Ndubuisi Francis in Abuja
No fewer than 19 firms have indicated interest to acquire the Afam Power Company and the Yola Distribution Company (YDC) already put up for sale by the federal government.
While seven companies submitted bids to buy Afam, 12 others submitted for the acquisition of the Yola Disco, at the close of the submission of bids for the Expression of Interest (EoIs) for the two power companies.
The Head, Public Commu-nications of the Bureau of Public- Enterprises (BPE), Amina Othman Tukur, in a statement shortly after the 1 p.m. deadline for the submission of EoIs for the two companies on September 26, 2018, said the bidding companies were renowned players in the power industry.
Tukur said the evaluation committee earlier set up by the BPE to scrutinise the bids was immediately after the expiration of the deadline, inaugurated by the Bureau’s Director of Energy, Mr.Yunana Jackdell Malo to commence work.
The request for expression of interest in the two companies was published by the BPE in national newspapers on August 16, 2018.
Although Yola Distribution Company was successfully privatised and handed over to the core investor in 2013, a force majeure was declared in 2015 by the core investor citing insecurity in the North-east region of the country.
Following this, the company was duly repossessed by the federal government.
Integrated Energy and Distribution Marketing Company (IEDM), a firm fronted by Mr. Tunde Ayeni, Capt. Osa Okunbor, and a former military head of state, Gen. Abudulsalami Abubakar, had acquired the Yola and Ibadan Discos for $228 million in 2013 under the privatisation programme.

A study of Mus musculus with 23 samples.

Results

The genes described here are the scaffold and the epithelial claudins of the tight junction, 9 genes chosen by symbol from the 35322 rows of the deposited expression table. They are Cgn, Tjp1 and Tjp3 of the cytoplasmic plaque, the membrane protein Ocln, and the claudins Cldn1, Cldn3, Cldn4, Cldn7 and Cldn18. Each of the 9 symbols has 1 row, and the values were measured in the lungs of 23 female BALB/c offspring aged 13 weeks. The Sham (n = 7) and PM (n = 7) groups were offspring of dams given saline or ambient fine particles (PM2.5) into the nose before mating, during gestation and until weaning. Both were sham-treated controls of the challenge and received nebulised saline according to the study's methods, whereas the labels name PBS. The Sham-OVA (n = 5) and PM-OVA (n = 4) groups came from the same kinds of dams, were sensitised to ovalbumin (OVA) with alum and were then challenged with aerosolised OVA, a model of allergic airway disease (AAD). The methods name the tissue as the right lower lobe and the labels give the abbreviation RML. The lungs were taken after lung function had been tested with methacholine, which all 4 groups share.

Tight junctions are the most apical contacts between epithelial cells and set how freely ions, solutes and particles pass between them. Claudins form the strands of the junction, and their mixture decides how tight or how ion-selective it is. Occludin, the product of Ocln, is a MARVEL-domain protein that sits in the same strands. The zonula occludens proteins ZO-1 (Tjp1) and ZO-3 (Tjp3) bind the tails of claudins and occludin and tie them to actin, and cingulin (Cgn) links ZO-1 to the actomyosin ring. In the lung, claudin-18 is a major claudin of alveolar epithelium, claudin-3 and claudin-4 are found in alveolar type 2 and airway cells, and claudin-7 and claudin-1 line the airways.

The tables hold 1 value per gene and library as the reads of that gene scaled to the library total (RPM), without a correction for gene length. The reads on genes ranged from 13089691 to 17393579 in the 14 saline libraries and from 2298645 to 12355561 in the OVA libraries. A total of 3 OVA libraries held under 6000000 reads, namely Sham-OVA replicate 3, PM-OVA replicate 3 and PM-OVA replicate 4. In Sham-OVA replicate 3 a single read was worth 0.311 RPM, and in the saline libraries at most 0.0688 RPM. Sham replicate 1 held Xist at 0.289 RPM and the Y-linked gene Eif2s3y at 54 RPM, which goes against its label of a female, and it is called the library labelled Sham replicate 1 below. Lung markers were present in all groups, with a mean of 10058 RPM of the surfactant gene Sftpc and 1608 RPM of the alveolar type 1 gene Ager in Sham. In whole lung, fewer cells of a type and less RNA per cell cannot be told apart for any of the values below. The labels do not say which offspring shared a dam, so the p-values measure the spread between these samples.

A year later, Integrated Energy was forced to declare force majeure and returned Yola Disco to the federal government on the grounds that it was impossible to operate and access the assets of the electricity distribution firm in the North-east due to the Boko Haram insurgency.
After a joint evaluation of the electricity asset, as provided under the terms of the share purchase agreement, the Bureau of Public Enterprises (BPE) and Ministry of Power, in the twilight of the Goodluck Jonathan administration, had approved $186 million as the sum to be refunded to Integrated Energy.
But the payment of the sum was stalled over concerns that the $186 million was too high, forcing the parties to the transaction to renegotiate the compensation to be paid to Integrated Energy.
The non-payment of the refund to Integrated Energy has been linked to some of the non-performing loans (NPLs) on the books of Skye Bank Plc, as the promoters of Integrated Energy had borrowed from the bank to acquire and inject capital into Yola and Ibadan Discos.
The federal government later renegotiated and reached an agreement with Integrated Energy on a payout of $87.8 million as against the $186 million earlier approved as compensation to the company after it returned the Disco to the federal government.
However, their inability to service the loan for Yola Disco was one of the factors that led to the erosion of Skye Bank’s capital adequacy and liquidity ratios and ultimately takeover of the bank by the Central Bank of Nigeria (CBN) penultimate week.
The transaction for Afam Power Generation Company on the other hand fell through due to the delay in signing the Gas Supply Agreement (GSAA) and the Gas Transportation Agreement (GTA). In 2017 the National council on Privatisation (NCP) gave approval for a fresh transaction to privatise the two power companies.